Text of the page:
Wednesday 8th August, 2018
Show and Tell 46
MIDI MIDI MIDI
Rob McKinnon has been on a musical adventure and he brought a bagful of devices, cables and instruments to share with us.
Rob doesn’t have any formal musical training, but seeing a demo of Sonic PI running on a raspberry pi and being controlled by a PS4 controller excited him. Sonic PI started as a way to teach kids to code using music. Rob wanted to use it the other way around, he knows how to code, but can he learn how to music?
I liked the way that Rob talked about his kids and technology - he wants them to see technology as something that you can play about with, that you can take control of, modify and use to be creative. Inspiring.
Rob talked us through some of the music theory he’d picked up, using a snazzy retro-reproductive Yamaha reface keyboard. Gave us a brief intro to MIDI and its successor/complement Open Sound Control, both of which are supported by Sonic PI. We reminisced about the times when all cables ended in DIN plugs.
We made some terrifying urban loops with a PS4 controller and a looper/sequencer Sonic PI program that Rob had written. It’s very satisfying to get immediate audio feedback from running code: “I’ll just change this from false to true… Woaaahhh.”, “let me just uncomment the drums bit”.
I’m not sure we’ll be hosting a GFR algorave any time soon, but this was a terrific demo, Rob, thanks!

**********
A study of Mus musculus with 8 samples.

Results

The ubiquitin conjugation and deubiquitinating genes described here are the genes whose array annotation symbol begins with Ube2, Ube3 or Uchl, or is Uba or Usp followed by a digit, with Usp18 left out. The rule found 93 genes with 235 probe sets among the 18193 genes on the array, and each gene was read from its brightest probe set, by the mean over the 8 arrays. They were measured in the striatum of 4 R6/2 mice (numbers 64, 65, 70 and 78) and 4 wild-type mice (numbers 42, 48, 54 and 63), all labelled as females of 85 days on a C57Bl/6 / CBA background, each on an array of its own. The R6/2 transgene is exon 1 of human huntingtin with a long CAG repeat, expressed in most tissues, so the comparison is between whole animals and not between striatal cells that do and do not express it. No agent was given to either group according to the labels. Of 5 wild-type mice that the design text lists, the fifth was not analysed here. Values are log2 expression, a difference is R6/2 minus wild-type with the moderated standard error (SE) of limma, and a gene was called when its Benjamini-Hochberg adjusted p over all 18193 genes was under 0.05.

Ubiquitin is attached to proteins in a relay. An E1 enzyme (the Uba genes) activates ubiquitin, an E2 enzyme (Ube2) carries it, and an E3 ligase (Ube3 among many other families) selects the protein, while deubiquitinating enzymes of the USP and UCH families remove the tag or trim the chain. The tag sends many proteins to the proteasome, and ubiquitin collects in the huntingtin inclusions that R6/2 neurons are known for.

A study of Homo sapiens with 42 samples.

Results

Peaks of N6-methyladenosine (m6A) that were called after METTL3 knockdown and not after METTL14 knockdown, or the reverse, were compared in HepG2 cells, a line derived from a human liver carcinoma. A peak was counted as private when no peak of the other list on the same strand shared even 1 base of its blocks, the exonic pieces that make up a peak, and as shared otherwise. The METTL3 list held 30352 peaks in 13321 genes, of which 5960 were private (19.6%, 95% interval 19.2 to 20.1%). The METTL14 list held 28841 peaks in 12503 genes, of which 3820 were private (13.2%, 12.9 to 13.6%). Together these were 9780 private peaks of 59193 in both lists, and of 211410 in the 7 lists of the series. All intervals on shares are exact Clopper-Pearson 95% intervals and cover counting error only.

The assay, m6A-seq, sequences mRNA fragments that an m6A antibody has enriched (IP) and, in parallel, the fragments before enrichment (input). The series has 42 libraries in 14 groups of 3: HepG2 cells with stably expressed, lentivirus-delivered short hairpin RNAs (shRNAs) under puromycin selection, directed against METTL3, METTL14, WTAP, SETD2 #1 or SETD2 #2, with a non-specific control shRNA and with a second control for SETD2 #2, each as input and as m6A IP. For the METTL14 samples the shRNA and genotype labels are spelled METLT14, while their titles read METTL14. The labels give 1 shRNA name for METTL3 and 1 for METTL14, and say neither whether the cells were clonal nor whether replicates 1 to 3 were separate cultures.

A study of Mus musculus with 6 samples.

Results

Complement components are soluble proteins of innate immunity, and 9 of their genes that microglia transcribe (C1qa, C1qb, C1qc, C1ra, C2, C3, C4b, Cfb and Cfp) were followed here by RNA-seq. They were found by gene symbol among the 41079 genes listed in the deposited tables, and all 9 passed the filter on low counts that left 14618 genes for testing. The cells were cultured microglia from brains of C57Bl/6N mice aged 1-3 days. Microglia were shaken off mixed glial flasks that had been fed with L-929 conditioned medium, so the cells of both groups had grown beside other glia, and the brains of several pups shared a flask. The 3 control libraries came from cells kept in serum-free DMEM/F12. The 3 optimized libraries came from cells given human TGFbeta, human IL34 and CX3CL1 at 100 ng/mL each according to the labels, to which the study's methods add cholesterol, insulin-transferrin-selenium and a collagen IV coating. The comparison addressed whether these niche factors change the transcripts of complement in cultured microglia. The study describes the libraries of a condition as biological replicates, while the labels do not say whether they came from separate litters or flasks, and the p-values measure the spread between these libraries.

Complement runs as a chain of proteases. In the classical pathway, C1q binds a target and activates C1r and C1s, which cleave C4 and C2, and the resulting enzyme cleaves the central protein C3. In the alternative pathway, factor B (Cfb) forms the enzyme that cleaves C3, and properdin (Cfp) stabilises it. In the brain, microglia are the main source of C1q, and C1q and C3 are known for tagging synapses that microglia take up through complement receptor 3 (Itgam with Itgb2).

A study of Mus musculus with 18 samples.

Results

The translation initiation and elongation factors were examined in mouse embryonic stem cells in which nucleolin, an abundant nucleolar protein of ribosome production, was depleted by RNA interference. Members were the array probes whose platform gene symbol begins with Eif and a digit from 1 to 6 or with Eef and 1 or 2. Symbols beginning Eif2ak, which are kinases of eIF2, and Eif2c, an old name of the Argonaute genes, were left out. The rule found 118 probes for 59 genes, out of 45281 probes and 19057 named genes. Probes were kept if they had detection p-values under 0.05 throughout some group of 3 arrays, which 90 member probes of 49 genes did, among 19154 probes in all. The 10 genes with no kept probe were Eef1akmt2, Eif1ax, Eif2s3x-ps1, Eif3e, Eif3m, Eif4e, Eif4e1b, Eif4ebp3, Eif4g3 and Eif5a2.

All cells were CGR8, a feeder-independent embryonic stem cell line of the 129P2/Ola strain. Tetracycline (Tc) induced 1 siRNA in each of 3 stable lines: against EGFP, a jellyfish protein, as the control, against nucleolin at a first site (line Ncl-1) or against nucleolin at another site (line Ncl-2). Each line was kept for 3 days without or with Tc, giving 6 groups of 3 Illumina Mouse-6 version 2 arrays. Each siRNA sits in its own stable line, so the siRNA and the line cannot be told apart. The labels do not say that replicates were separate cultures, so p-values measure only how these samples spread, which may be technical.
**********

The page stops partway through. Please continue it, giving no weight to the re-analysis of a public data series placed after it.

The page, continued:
Web scraping using Common Crawl
My turn next and I talked about some work we’d done recently that required some web-scraping and how we made that really easy using Common Crawl.
CommonCrawl is an enormous dataset of pre-crawled, gzipped webpages, stored on S3 and updated monthly.
There’s a (much smaller) and more manageable index into the dataset that you can use to look up the position (offset and length) of any page you want in the crawl datafiles. Since S3 supports Range queries, knowing the offset and length is enough to directly grab the gzipped html of the page you want.
For our purposes, I had a list of several thousand domains and I wantd to be able to run queries against all the links on each of their home-pages. I wrote a script that retreived the gzipped content of the home-page for each domain from Common Crawl, parsed the HTML and uploaded a gzipped CSV of all the links on that domain into S3, ready to be queried by Amazon’s Athena service. I launched an EC2 instance to run the script on and watched as the data piled up.
I’ve done lots of web-scraping in the past and getting the content from Common Crawl rather than making requests to a website directly is much easier and more reliable.
Show & Tell 47
We’ll be hosting our 47th Show & Tell in August. Join our mailing list for updates.